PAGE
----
Gudrun Stangl has been promoted to Equity Partner and Arabella Eichinger has been promoted to Contract Partner at Schoenherr in Austria.
This overview aims to highlight selected potential Polish law issues related to liability for damages caused by machine learning algorithms (MLA) which an entrepreneur operating, buying or selling a business based on MLA may face and should consider. Needless to say, the civil law liability touched upon here is not the only liability regime which should be borne in mind. For the sake of clarity, however, matters related to specific sector regulation (e.g. for medical devices), intellectual property rights, GDPR as well as criminal liability are not addressed below, although they are equally important for MLA-based business.
In Hungary, as is the case in other EU countries, recent economic growth has been accompanied by a labour shortage. This is largely due to Hungarian workers emigrating to other EU countries in search of higher wages and better living standards. According to statistics, approximately 5% of the country's working-age population has emigrated to other EU countries in recent years.
On 1 December 2018 the new Insurance Distribution Act (the "Act") became effective in the Czech Republic. It replaces the still effective Act No. 38/2004 Coll., on Insurance Intermediaries and Loss Adjusters, as amended ("IILA"), and implements the plan envisaged by the European Parliament and the Council (EU) Directive 2016/97 on insurance distribution (revised version) ("IDD"), even if a little later than anticipated.
Under the GDPR, every data controller that processes personal data through a data processor must conclude a GDPR-compliant data processing agreement with the processor. Parties may seek to negotiate the allocation of liability and shift it towards the other party. When doing this in Romania, we look at the interplay with the rules of the main forms of liability set out in the law.
Gun jumping refers to premature enforcement of a merger before obtaining clearance from the competition authority. While most companies are aware of this interdiction, it can be difficult to balance the scope of the competition standstill obligation during the pre-closing period and the measures taken by the acquiring company to protect the value of a target.
The Hungarian Competition Authority (HCA) cleared the acquisition of sole control over Invitel Távközlési Zrt ("Invitel") by Digi Távközlési és Szolgáltató Kft ("DIGI") conditionally - with commitments - in May 2018. A few months later, it established that DIGI had intentionally misled HCA officials and therefore revoked the decision and imposed a fine on DIGI of HUF 90 million (approx. EUR 280,000). It then reopened the proceeding to assess the relevant markets affected by the misleading information. Revoking a merger clearance decision is not without precedent in the HCA's recent practice, as the HCA has invoked three clearance decisions in the last two years. What is new, however, is that the HCA granted a derogation from the suspension clause to prevent negative market consequences from interfering with the already closed transaction. The HCA also resorted to a dawn raid during the original proceeding, which is a new instrument in merger control cases.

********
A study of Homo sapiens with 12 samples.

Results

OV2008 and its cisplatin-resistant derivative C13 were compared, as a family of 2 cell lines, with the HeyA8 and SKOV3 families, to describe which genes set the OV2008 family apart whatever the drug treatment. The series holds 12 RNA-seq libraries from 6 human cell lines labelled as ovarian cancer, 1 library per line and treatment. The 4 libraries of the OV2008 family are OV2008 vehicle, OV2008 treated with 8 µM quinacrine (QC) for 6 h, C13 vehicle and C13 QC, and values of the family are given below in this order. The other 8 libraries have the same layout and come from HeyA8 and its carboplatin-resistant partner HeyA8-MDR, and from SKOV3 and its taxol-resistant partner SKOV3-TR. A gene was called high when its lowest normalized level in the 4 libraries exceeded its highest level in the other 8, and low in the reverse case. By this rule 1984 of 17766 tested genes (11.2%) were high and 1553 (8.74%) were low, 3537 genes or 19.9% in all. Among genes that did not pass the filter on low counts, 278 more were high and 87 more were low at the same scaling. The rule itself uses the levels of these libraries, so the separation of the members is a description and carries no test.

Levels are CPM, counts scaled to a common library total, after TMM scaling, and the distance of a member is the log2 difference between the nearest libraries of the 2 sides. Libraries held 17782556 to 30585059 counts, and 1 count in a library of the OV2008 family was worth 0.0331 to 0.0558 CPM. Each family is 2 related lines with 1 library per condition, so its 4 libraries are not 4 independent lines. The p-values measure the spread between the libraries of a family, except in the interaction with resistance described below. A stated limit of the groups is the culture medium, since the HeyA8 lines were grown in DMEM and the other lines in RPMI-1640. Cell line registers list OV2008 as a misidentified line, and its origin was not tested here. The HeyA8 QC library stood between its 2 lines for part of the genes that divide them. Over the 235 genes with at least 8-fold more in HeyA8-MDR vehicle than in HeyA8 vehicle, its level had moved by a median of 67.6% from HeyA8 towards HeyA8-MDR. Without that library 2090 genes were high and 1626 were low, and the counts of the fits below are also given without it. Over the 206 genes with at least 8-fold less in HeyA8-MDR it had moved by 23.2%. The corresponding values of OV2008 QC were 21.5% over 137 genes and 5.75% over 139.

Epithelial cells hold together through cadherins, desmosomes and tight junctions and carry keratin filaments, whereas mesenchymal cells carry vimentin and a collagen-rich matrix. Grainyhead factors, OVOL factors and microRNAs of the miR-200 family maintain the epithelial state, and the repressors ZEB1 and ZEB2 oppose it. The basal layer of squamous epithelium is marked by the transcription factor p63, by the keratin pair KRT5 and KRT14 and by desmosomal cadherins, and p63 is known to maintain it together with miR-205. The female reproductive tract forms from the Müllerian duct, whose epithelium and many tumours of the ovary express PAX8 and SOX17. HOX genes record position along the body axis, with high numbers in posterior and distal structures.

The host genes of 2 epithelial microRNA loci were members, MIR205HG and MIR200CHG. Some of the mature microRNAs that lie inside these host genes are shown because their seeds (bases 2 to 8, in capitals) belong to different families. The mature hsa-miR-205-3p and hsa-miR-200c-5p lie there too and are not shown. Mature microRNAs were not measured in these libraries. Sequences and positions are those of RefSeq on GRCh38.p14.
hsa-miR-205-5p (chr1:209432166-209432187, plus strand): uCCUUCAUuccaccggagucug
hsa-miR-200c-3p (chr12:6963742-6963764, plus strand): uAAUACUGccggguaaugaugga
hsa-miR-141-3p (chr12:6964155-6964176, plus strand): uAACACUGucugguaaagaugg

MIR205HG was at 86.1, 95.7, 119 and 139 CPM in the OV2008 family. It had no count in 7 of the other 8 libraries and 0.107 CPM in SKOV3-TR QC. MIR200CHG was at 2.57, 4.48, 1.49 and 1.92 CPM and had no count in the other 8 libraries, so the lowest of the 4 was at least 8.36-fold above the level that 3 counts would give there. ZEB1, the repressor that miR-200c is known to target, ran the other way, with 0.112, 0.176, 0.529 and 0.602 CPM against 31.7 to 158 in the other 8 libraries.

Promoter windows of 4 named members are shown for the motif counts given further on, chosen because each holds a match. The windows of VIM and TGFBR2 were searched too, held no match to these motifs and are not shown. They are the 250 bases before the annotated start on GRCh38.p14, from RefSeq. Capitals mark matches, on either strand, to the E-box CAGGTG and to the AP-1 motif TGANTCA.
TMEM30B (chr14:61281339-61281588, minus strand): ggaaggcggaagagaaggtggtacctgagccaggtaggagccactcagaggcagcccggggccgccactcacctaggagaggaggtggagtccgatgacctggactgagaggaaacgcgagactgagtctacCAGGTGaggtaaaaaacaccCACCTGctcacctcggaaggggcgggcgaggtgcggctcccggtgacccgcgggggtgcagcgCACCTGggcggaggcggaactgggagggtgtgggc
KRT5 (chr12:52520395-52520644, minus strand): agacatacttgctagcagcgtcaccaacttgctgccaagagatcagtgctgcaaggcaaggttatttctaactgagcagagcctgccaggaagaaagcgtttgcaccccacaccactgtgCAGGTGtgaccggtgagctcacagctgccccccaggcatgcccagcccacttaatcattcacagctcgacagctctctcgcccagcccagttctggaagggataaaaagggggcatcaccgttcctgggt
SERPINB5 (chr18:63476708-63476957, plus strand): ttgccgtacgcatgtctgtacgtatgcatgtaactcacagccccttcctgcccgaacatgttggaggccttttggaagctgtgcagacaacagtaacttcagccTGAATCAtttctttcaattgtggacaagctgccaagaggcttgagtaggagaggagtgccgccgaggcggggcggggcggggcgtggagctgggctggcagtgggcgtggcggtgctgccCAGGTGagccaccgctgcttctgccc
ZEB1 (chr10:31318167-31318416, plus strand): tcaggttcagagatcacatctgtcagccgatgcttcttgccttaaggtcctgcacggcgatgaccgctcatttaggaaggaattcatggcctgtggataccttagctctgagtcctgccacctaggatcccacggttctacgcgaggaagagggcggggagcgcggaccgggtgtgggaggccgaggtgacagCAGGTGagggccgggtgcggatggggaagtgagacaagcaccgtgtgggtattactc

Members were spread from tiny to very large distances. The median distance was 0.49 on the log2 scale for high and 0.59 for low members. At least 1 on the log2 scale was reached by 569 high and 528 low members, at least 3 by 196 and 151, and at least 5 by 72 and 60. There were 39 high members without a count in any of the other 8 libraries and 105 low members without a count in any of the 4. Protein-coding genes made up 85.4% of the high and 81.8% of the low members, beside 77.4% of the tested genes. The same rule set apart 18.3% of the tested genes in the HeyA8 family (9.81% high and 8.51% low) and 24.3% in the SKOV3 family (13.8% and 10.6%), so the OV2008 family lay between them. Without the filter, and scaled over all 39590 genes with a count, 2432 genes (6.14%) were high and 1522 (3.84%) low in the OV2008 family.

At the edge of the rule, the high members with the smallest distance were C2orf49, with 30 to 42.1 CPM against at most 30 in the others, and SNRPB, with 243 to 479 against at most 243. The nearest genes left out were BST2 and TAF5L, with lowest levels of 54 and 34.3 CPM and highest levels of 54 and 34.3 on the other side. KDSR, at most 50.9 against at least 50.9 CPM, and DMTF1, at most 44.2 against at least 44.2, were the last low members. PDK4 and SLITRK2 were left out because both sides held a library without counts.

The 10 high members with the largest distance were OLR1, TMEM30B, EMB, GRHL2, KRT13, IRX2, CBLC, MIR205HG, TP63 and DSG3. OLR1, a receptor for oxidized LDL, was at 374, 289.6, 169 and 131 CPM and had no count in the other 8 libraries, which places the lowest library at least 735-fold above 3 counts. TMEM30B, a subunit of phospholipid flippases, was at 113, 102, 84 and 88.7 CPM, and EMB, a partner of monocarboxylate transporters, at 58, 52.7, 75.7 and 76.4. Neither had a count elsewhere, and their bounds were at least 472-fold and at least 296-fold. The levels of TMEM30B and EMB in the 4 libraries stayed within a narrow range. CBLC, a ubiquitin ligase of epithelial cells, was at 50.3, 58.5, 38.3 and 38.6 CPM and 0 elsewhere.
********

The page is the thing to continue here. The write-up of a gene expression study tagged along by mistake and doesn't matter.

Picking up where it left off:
The most recent article in our Efficient Arbitration Series looked at how document production, when handled properly, could save time and costs in arbitration proceedings. In this article, we continue to add tools to our efficiency box by considering a new set of procedural rules that will soon become available: The Prague Rules on the Efficient Conduct of Proceedings in International Arbitration ("Prague Rules").
With uncertainties surrounding a "no deal" Brexit meanwhile culminating in fears of a "super hard" Brexit, financial institutions in the UK, the EU27 and beyond are eager in search of solutions that preserve continuity of contracts and that contain the numerous legal and regulatory risks for institutions on both sides of the Channel.